Written by Yazan Badran
On 13-14 July, 2012 mass demonstrations erupted in the Palestinian Refugee Camp Yarmouk and Tadamon in Damascus. The Syrian regime's brutal response led to seven deaths on July 13. The next day their funeral processions brought an even larger protest out, where four more people were killed.
Palestine has been the single most influential player in Syria's political history since independence. Playing host to more than 500,000 Palestinian refugees who have almost exactly the same rights and privileges as Syrian citizens, Syria has both influenced and been influenced by their cause and their plight. In fact, Syria and the Arab World's first coup d'état in 1949 was a direct result of the catastrophic 1948 Arab-Israeli War.
Syria's Baathist regime has based its entire legitimacy on its unwavering support to the Palestinians. But that role has always been more complex and divisive on the Palestinian side. The Palestinian leader Yasser Arafat saw the late president, Hafez Assad, as co-opting their cause rather than supporting it. Those divisions sometimes turned very bloody like in the massacre of Tel al-Zaatar, or the Syrian-sponsored attacks on the Palestinian camps during the Lebanese Civil War, known as War of the Camps.
The Syrian revolution has brought these divisions to the surface again, but with the added immediate concern about their own well being inside Syria itself. Prominent Palestinian writer and activist Ali Abunimah reflects that concern:
@AliAbinimah: I think Palestinians in Syria are vulnerable and I don't like the way “both sides” trying to use and recruit them.
Anaheed al-Hardan of Electronic Intifada, compiles an extensive report on Palestinians in Syria and their relationship with the revolution and the concerns that come with that. She concludes that:
What these latest rounds of events tell us is that the fictive boundaries between Palestinians in Syria and the unrest are just that, becoming increasingly more difficult to maintain.As the situation on the ground continues to change, the fate of the Palestinians in the country, like the fate of Syrians and the country as a whole, remains uncertain. However, unlike their Syrian counterparts, Palestinians are refugees with nowhere to go in the event of the further deterioration of the turmoil in Syria.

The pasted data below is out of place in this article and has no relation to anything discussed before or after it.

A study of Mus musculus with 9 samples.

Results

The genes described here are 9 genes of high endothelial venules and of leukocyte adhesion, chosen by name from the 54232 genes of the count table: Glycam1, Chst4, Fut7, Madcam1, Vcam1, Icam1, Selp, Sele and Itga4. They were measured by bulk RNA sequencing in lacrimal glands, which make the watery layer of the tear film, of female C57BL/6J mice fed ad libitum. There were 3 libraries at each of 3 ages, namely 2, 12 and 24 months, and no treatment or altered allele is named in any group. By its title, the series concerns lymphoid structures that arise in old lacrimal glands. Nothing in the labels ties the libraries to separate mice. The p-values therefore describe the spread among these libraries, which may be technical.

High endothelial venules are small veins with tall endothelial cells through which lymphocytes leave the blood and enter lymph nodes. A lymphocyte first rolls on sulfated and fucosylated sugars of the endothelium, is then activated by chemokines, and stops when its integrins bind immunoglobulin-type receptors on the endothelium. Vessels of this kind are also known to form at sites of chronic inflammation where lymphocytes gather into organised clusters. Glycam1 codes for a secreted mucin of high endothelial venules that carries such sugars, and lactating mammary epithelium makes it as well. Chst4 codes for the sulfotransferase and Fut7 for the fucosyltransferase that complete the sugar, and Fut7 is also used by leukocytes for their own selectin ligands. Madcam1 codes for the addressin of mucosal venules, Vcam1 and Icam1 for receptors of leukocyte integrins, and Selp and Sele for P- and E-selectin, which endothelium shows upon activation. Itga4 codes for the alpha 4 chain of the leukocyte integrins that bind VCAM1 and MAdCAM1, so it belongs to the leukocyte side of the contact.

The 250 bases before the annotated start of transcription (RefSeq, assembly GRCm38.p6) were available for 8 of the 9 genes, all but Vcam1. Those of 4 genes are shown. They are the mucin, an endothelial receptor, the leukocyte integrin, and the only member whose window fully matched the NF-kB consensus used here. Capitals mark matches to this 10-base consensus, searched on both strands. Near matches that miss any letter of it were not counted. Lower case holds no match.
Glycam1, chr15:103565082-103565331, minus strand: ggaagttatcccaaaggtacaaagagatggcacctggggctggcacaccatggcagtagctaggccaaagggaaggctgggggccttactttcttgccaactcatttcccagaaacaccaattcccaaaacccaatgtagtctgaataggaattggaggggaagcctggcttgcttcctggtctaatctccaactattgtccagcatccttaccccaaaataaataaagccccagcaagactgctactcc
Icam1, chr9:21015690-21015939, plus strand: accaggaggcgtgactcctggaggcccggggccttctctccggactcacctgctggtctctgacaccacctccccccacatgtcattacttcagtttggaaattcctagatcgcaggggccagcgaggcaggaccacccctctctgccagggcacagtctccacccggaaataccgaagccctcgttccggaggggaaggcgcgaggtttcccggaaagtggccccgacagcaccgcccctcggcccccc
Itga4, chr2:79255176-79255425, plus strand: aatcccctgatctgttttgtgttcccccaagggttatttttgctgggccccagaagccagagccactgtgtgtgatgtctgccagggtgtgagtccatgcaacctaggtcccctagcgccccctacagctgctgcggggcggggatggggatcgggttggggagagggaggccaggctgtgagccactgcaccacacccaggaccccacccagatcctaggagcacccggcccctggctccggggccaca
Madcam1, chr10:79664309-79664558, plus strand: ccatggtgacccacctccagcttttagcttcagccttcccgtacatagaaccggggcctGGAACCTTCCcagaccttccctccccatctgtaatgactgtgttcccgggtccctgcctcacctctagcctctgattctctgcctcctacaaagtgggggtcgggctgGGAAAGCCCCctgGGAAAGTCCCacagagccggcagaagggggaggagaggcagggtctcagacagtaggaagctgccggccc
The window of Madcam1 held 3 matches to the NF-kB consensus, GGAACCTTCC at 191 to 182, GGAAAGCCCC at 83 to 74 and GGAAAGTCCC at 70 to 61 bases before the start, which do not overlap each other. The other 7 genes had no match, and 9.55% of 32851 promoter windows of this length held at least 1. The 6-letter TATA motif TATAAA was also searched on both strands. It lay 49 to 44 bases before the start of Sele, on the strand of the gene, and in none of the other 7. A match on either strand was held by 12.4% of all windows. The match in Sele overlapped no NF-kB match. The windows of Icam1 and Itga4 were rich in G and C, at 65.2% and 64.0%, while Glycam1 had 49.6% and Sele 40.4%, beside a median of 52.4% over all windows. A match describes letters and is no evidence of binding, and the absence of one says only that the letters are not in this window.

The breakthrough in Palestinian involvement in Syria's revolution came in the aftermath of the Traymseh Massacre, when mass demonstrations erupted in the Yarmouk and Tadamon refugee camps in Damascus on 13-14 July.
But long before the Palestinians actually entered the fray on the ground, their support of the revolution was already being voiced. Palestinian activist Budour Hassan writes about the “Syrian Uprising Through Palestinian Eyes“:
Palestinians chanted “Yallah Irhal Ya Bashar” [Bashar, leave!] in Nazareth, Haifa, Jaffa, Baqa, Jerusalem, Bil’in and Nabi Saleh. Many of us will continue to do so since it’s our duty to stand on the side of those who sing for freedom, dance, and even make jokes through the horror visited by bullets and mortar shells. A victory for the brave Syrian people over Assad’s tyranny will be a triumph for every oppressed community in the world.
But other Palestinian writers have been less than pleased with the course taken by Syria's revolution and have seen it as a failure at best. Prominent Palestinian academic Joseph Massad writes:
Those who see the Syrian popular struggle for democracy as having already been hijacked by these imperial and pro-imperial forces inside and outside Syria understand that a continuation of the revolt will only bring about one outcome, and it is not a democratic one - namely, a US-imposed pliant and repressive regime à la Iraq and Libya. If this is what the Syrian demonstrators are struggling for, then they should continue their uprising; if this is not their goal, then they must face up to the very difficult conclusion that they have been effectively defeated, not by the horrifying repression of their own dictatorial regime which they have valiantly resisted, but rather by the international forces that are as committed as the Syrian regime itself to deny Syrians the democracy they so deserve.
While these debates rage between the Palestinians themselves, they will necessarily be influenced by the latest developments on the ground. Syria-Palestinians choice to enter the fray on the side of the revolution will yet again change the nature of Syria's relationship with the Palestinian cause and the Palestinian people.